Few movies are as dear to my heart as the original Ghostbusters. I loved it as a kid, I loved it as a teenager, and I love it as a grizzled old fart. The characters, the pacing, the virtuoso mix of horror and humor… not only do I never get tired of it, I have honest trouble conceiving of a circumstance where I ever could.
But I digress. This post is only peripherally about Ghostbusters; in particular, the Nietzschean response of resident soulless scientist Dr. Egon Spengler when poor Janine Melnitz attempts to make conversation about his reading habits.
Janine: You’re very handy, I can tell. I bet you like to read a lot, too.
Egon: Print is dead.
Egon isn’t good at casual conversation, is the point the movie is making here. Also, in 1984 such a statement was pretty extreme to make, certainly only the domain of extremist crackpots like, well, Dr. Egon Spengler. Why don’t we all just put on our tinfoil hats while we’re at it?
Then we fast forward to 2011, and this off-the-wall fictional character has become freakin’ Nostradamus. I mean, if Nostradamus wasn’t a complete joke at predicting the future.
Egon didn’t predict the Internet and the flood of mobile devices, but he’s sure playing Sybil in predicting the effects.
I’m not exactly breaking any huge news pointing this out, others have been pointing it out for years. As early as 2005 a print journalist convention basically told its attendees the same thing Egon uttered, and told them they’d better learn to deal with it. Articles on the phenomenon are everywhere, some arguing it’s as overblown a statement now as it was in 1984… but…
Now, technically, Wizard Magazine (and its sister offering, Toyfare) has only been announced as moving to a digital-only format, rather than being ceased altogether. But the fact remains that no longer will we see those plastic-wrapped publications at the grocery store or 7-11 or wherever else we might have grown accustomed to buying them. Perhaps, like me, in recent years you grew accustomed to not buying them, and if you don’t think those two factors are related then I’d venture to say you have a poor grasp of cause-and-effect. The only time I still read Wizard was when I got a free issue being handed out at a Comic-Con. This made for decent reading while waiting in a line, but I wasn’t particularly contributing to the coffers of Gareb Shamus and his intrepid crew, a crew which had been shrinking as people started leaving Wizard on the shelves and got their comic book news online instead.
Now while there are several criticisms of Wizard’s business decisions and practices (CBR’s Robot 6 offers a good selection for your reading pleasure), it may at least be unfair to call them out on the demise of their printed page. At this point I’m really not sure geekdom has any room for a successful print publication. People and Us Weekly are likely safe, since the readership of these circulars and those who regularly surf the Web aren’t necessarily in the same Venn Diagram intersect yet (though give it time… TMZ’s website is a really, really popular spot…), but geekdom frickin’ loves the Internet. It’s the world at our fingertips without ever having to leave the proverbial basement, and it wasn’t long before we figured out that the online geek news sites were able to give us our fix in a much more timely fashion, and most importantly of all, give it to us for free.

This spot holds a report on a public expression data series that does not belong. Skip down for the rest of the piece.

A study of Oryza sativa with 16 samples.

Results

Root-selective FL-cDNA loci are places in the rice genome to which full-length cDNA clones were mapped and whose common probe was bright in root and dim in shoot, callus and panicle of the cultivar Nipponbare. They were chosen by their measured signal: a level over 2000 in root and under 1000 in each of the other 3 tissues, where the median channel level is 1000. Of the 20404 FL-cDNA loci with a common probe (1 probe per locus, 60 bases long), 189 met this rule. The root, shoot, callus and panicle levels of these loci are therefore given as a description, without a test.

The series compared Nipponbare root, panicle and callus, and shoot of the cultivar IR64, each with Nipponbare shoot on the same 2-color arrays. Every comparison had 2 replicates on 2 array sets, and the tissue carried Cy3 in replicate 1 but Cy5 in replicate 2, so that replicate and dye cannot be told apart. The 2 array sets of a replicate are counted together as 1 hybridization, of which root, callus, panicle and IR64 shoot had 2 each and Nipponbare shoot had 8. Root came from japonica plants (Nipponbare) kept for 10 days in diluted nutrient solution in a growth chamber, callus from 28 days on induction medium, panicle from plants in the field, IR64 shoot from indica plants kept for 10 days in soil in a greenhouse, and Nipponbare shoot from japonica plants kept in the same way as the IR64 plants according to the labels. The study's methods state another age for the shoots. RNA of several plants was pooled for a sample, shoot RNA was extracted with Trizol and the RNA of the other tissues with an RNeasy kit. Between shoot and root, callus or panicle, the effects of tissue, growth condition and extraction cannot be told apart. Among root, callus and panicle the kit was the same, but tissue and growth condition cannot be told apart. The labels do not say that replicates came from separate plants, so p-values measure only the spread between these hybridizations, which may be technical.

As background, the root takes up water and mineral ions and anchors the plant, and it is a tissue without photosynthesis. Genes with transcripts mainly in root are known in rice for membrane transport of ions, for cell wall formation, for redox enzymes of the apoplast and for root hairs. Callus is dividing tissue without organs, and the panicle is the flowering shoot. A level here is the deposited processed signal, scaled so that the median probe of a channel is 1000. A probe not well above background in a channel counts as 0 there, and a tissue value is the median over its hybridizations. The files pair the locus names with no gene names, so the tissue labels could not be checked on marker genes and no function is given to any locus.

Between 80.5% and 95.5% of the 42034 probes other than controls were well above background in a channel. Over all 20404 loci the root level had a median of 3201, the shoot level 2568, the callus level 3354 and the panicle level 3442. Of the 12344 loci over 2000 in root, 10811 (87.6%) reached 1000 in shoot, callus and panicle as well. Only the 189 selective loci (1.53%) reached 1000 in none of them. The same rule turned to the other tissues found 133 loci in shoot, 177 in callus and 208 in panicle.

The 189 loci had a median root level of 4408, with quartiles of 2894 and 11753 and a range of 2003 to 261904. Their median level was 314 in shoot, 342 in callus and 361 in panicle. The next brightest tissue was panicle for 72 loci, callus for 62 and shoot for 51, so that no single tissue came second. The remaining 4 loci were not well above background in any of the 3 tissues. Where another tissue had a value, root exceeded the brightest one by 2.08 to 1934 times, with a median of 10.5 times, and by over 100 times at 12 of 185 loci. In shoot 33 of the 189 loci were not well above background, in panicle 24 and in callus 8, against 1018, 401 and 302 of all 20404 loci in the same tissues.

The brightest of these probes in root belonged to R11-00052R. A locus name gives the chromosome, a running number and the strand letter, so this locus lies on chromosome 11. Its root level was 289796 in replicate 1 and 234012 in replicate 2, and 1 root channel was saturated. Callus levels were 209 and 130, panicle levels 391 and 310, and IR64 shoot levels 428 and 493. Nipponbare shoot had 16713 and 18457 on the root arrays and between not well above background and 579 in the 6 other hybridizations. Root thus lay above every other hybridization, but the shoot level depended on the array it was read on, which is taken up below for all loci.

Why drop $5.99 on a magazine whose articles might well be out of date by the time you read them? You could argue that Wizard had the clout to get the interviews with the big stars and the set access to the big productions, but over the years that edge eroded as sites like Comic Book Resources began being taken equally as seriously for promotional purposes. And in the event you liked a particular offering such as Twisted Toyfare Theater, well, they came out with separate collections. There just was less and less reason to buy.
Not convinced? Well, a few years ago another geek cornerstone, Dragon Magazine (and its associated publication Dungeon) also closed its presses and moved to an online-only format. The good news is that as far as I know their D&D Insider subscription package seems to be working out for them, allowing not only access to the online magazine but several other features as well. So there’s hope yet for squeezing money out of us despite the Internet’s smorgasbord of free content, but I don’t know what sort of unique offerings Wizard can bring to the table if it intends to try to charge anything. Right now it’s a big shake-up of not only moving the magazine online, but changing the corporation around and launching a 12 city convention “tour”, all under a single Wizard World label.
And whether all that succeeds or fails, none of this changes the weight of Egon’s prophecy. With the introduction of services like Kindle, handheld devices are becoming a replacement for books, as my wife reminds me every night she comes to bed with her iPod in hand and spends a couple hours relaxing with her latest text download. They even come with their own reading lights. About the only thing I still question is what form traditional comics can take on any device smaller than an iPad, since a good comic to me is as much about the shape of its panels and their relation to each other as about the content within them. That’s not stopping the rise of technologies like ComicPlus (which recently teamed with print comic distributor Diamond as their digital distribution partner), but I do think it’s one case where you can lose something of the experience. Then again, maybe I’m just being old and not wanting to admit where the future leads.